The bones of the back are called the vertebrae. A vertebral fracture is a break in one of these bones.
A vertebral fracture can be caused by:
- Osteoporosis —a condition of weakened bones
- Getting a blow to the back
- Falling down
- Landing on your heels when jumping from a height
- Having major trauma as from a motor vehicle accident
Other than trauma, osteoporosis is the main cause of most vertebral fractures.
Factors that increase the risk of osteoporosis include the following:
- Race: Caucasian or Asian
- Sex: female
- Females: 60 and older
- Males: 70 and older
- Long-acting benzodiazepines
- Tricyclic antidepressants
- Long-term steroid use
- Use of antipsychotic medications
- Poor mental functioning
- Poor mobility
- Poor strength
- Previous vertebral fracture within the last year
The doctor will ask about your symptoms and medical history. A physical exam will be done.
Test may include:
Vertebroplasty is a relatively new procedure. Liquid cement is injected into the vertebra. It can help relieve the pain associated with vertebral fractures. This is not a common operation. It is not suitable for everyone. Talk with your doctor to see if this option may be right for you.
Your doctor may prescribe:
- Brief period of bed rest and a decrease in activity
- Medication to control the pain
- Strengthening exercises for your back muscles
- Back brace
Treatment for Osteoporosis
To prevent further bone loss, medications may include:
If osteoporosis is the cause of your fracture, your doctor may prescribe the following:
- Vitamin and mineral supplements, especially calcium and vitamin D—Studies indicate that the combination of calcium and vitamin D appear to help bone loss
- Lifestyle changes to help maintain your bones—may include weight-bearing and resistance exercises for both the upper and lower extremities
If you are diagnosed with a vertebral fracture, follow your doctor's instructions .
Building strong bones will help prevent fractures. However, most bone strength is attained by women before they are age 25. That makes maintaining bone density and strength at older ages even more important.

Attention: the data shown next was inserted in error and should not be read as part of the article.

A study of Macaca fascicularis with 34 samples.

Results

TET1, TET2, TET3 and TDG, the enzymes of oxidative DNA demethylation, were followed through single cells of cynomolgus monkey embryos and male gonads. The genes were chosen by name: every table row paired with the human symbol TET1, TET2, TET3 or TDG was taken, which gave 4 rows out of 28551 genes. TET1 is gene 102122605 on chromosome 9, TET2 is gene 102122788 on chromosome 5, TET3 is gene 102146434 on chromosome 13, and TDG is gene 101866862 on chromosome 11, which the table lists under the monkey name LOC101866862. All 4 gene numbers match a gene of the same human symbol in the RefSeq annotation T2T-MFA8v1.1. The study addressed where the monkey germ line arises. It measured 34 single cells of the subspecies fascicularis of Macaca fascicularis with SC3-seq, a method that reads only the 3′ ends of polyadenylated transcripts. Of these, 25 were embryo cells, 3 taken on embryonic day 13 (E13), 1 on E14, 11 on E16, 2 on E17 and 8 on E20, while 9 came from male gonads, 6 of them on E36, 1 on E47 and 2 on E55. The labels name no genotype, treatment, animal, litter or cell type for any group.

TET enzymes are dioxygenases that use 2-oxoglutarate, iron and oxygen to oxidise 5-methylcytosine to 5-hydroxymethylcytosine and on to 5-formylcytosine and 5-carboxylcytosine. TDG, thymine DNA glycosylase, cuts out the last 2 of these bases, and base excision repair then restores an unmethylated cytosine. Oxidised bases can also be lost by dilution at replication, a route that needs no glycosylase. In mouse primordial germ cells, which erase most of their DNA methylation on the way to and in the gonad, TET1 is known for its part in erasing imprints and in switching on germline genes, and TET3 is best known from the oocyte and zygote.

- Get plenty of weight-bearing exercise. This includes walking, jogging, or certain sports such as tennis.
- Do resistance exercises for arms and legs. This will help to improve your strength and balance.
- Get plenty of calcium, vitamin D, and protein in your diet. Talk to your doctor if you think you need supplements.
- If you have osteoporosis, you should talk to your doctor about treatment options. If you had an early menopause
National Osteoporosis Foundation
Osteoporosis and Related Bone Diseases
National Resource Center, National Institutes of Health
Canadian Orthopaedic Association
Women's Health Matters
American Medical Association website. Available at: http://www.ama-assn.org/ .
Osteoporosis. American College of Obstetricians and Gynecologists Practice Bulletin. No. 50. 2004 June.
Osteoporosis and Related Bone Diseases website. Available at: http://www.osteo.org .
Prevention of osteoporosis and fractures. Am Fam Physician . 1999 July.
Last reviewed February 2009 by
Please be aware that this information is provided to supplement the care provided by your physician. It is neither intended nor implied to be a substitute for professional medical advice. CALL YOUR HEALTHCARE PROVIDER IMMEDIATELY IF YOU THINK YOU MAY HAVE A MEDICAL EMERGENCY. Always seek the advice of your physician or other qualified health provider prior to starting any new treatment or with any questions you may have regarding a medical condition.